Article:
First Posted: May 30, 2013 10:31 AM EDT

The company is actually a privately owned asteroid mining firm, backed in part by Google Inc's founders, according to Reuters. Eventually, Planetary Resources plans to launch a fleet of low-cost Arkyd 100 spacecraft in order to identify and study asteroids for commercial mining. This newest effort, though, is aimed at exciting the public and gathering further interest in space, according to USA Today.

The company plans to raise $1 million with their Kickstarter project. The low-Earth orbit telescope will use its own Arkyd technology and will eventually be used to send swarms of probes to near-Earth asteroids.

"We're developing the most advanced space technology ever made available to the public," said Peter Diamandis, Planetary Resources co-founder and co-chairman in a statement. "Let's explore the cosmos together!"

The Arkyd telescope will have an external camera and screen in order to allow public access to the telescope. In addition, the telescope will also possess an interface that allows for a variety of interactive and educational material. The new instrument could be a boon to classrooms and citizen scientists across the nation.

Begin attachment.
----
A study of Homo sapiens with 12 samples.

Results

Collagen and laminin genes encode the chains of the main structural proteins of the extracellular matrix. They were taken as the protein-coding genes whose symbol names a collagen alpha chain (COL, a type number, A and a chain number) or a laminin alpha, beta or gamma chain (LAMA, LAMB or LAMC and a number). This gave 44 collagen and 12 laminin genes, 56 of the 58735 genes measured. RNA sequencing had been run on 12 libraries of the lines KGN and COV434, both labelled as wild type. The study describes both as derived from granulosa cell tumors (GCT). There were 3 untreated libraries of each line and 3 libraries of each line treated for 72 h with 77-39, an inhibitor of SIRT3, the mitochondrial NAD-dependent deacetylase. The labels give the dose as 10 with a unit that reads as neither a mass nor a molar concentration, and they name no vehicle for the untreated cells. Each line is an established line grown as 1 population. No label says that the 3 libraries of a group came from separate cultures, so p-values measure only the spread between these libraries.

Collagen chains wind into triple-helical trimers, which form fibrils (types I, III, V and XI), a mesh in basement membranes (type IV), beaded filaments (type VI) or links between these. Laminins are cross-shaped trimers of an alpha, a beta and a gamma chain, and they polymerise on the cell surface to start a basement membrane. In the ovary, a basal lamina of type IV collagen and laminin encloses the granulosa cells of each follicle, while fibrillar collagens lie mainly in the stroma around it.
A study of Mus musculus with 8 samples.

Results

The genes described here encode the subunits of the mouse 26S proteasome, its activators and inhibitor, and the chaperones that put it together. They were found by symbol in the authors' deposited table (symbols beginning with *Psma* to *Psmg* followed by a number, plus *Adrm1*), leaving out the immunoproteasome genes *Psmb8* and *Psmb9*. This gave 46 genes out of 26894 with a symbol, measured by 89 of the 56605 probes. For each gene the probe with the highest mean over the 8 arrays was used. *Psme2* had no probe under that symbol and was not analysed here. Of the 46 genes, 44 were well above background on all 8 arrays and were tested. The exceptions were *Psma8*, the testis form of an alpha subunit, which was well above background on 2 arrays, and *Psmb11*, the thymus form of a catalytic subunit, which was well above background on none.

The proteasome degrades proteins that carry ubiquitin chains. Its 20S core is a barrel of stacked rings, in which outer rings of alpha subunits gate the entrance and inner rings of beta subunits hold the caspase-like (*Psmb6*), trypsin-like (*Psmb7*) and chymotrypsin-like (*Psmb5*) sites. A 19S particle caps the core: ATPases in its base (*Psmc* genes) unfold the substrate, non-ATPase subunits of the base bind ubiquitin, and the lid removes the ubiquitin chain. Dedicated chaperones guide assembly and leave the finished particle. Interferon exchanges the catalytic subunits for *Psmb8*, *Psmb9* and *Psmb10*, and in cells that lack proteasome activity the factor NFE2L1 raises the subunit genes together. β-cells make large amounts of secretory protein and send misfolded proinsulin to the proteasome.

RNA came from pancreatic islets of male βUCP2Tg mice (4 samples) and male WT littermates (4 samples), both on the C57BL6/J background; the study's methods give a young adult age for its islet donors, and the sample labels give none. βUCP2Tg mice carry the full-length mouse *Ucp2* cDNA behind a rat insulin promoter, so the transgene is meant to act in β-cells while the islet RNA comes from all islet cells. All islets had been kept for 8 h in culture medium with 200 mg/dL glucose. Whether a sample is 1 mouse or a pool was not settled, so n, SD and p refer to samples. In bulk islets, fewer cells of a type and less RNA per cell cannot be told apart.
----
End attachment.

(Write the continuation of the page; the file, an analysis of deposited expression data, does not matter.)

"Many of those people wanted to know if they could use Arkyd to look for asteroids to study and to identify potential threats," said Diamandis in an interview with PCmag.com. "So the first step we wanted to take was to make the Arkyd 100 available to the public if they wanted it. We are vertically integrating the production of these telescopes, which drives the price of manufacturing down significantly. That way we can make it accessible to the public, especially to educational institutes."

It looks like the company will make its goal, too. By 6 p.m. on Wednesday, only five hours after the project was announced in Seattle, pledges had topped $163,000 from more than 1,480 contributors, according to USA Today. Any proceeds beyond this goal will be used to allow for more access to classrooms, museums and science centers.